During the 2013 General Assembly session, lawmakers were supposed to see many bills which addressed prominent issues in the minds of Kentuckians — such as what to do about the multibillion dollar pension shortfall, the legalization of casinos, and a way to start solving the Medicaid fiasco the state has been dealing with since 2011 — and they did see these bills. However, none of these have seen any kind of final action, and in some cases no action at all.
Some things the legislators of Kentucky have passed are commendable, like raising the dropout age from 16 to 18 in the state, and making the “pill mill bill” easier for doctors and patients to abide by.
Other bills do not seem to be so worthy of praise at a time when the state faces such economic issues. A religious affirmation bill was also passed, but not yet signed by the governor, for all those who have yet to discover their First Amendment rights, and a resolution to honor the Ohio County High School boys’ basketball team for their 3rd Region Championship was recently passed in the Senate.
When sessions in which 107 of 673 bills or resolutions that were filed are passed, too many of which are made to honor state basketball champs and community service participants or grant protection for already protected rights, it would seem to be a good indication the House and Senate need to get their priorities in order.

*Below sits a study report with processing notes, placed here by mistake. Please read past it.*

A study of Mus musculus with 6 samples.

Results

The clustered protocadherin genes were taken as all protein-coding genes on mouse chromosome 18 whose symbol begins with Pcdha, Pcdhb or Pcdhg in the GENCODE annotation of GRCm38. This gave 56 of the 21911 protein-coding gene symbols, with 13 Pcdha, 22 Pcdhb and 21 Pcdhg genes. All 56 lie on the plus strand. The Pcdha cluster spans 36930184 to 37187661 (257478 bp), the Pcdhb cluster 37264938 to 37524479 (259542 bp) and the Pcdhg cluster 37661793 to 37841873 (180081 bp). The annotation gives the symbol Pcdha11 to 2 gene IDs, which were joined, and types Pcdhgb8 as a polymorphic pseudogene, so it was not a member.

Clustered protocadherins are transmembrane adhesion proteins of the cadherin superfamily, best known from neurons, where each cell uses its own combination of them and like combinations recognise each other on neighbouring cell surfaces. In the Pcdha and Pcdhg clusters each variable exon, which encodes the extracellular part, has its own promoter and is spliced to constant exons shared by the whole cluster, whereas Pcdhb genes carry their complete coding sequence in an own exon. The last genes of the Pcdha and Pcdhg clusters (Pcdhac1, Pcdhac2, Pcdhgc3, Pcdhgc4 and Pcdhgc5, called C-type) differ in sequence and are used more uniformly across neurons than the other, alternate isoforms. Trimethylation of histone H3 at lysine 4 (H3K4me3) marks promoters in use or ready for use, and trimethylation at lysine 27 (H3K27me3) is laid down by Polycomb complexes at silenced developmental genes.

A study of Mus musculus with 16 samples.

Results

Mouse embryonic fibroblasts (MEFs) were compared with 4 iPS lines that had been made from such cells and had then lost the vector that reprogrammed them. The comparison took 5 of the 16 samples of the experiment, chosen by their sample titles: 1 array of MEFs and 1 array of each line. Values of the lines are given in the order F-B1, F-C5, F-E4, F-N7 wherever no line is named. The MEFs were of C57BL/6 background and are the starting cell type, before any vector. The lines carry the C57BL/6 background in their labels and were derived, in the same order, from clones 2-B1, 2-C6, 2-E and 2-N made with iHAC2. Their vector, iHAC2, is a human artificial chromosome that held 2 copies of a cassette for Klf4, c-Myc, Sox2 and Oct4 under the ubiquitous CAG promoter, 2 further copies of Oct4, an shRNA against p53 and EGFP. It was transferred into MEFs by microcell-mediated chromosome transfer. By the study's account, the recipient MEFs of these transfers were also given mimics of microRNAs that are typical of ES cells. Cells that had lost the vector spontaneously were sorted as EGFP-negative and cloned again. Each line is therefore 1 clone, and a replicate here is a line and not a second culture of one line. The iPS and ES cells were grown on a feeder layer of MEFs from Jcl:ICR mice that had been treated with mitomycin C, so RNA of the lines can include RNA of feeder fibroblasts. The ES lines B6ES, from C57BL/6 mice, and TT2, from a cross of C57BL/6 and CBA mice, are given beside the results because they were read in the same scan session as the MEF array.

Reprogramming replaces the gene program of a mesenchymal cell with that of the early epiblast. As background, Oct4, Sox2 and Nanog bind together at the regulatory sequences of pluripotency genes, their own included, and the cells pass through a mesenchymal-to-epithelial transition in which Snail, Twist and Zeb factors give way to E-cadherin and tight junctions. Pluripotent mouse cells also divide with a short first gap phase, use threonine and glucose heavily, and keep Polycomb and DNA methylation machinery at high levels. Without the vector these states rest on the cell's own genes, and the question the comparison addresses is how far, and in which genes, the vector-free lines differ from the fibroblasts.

The state’s senators and representatives needed to take the time they had put aside to pat high schoolers on the back and use it to get over themselves and pass some much needed legislation instead of just fighting or finding a useless soapbox issue to stand on in preparation for election season.
This issue of a divided and therefore useless legislature is obviously not a new issue, and is one that has been harped on time and time again, and with good reason. But it is one thing to not be able to pass bills simply because of disagreement, it is quite another to not have the time because of triviality.
Gov. Beshear has said overall this session has been a success and he is hopeful that other important bills — such as pension reform — can be agreed upon and passed. However, with the way the House and Senate have reacted to these “important” bills so far this session, it is doubtful anything will be agreed upon except how early the legislators should be able to go home on March 26.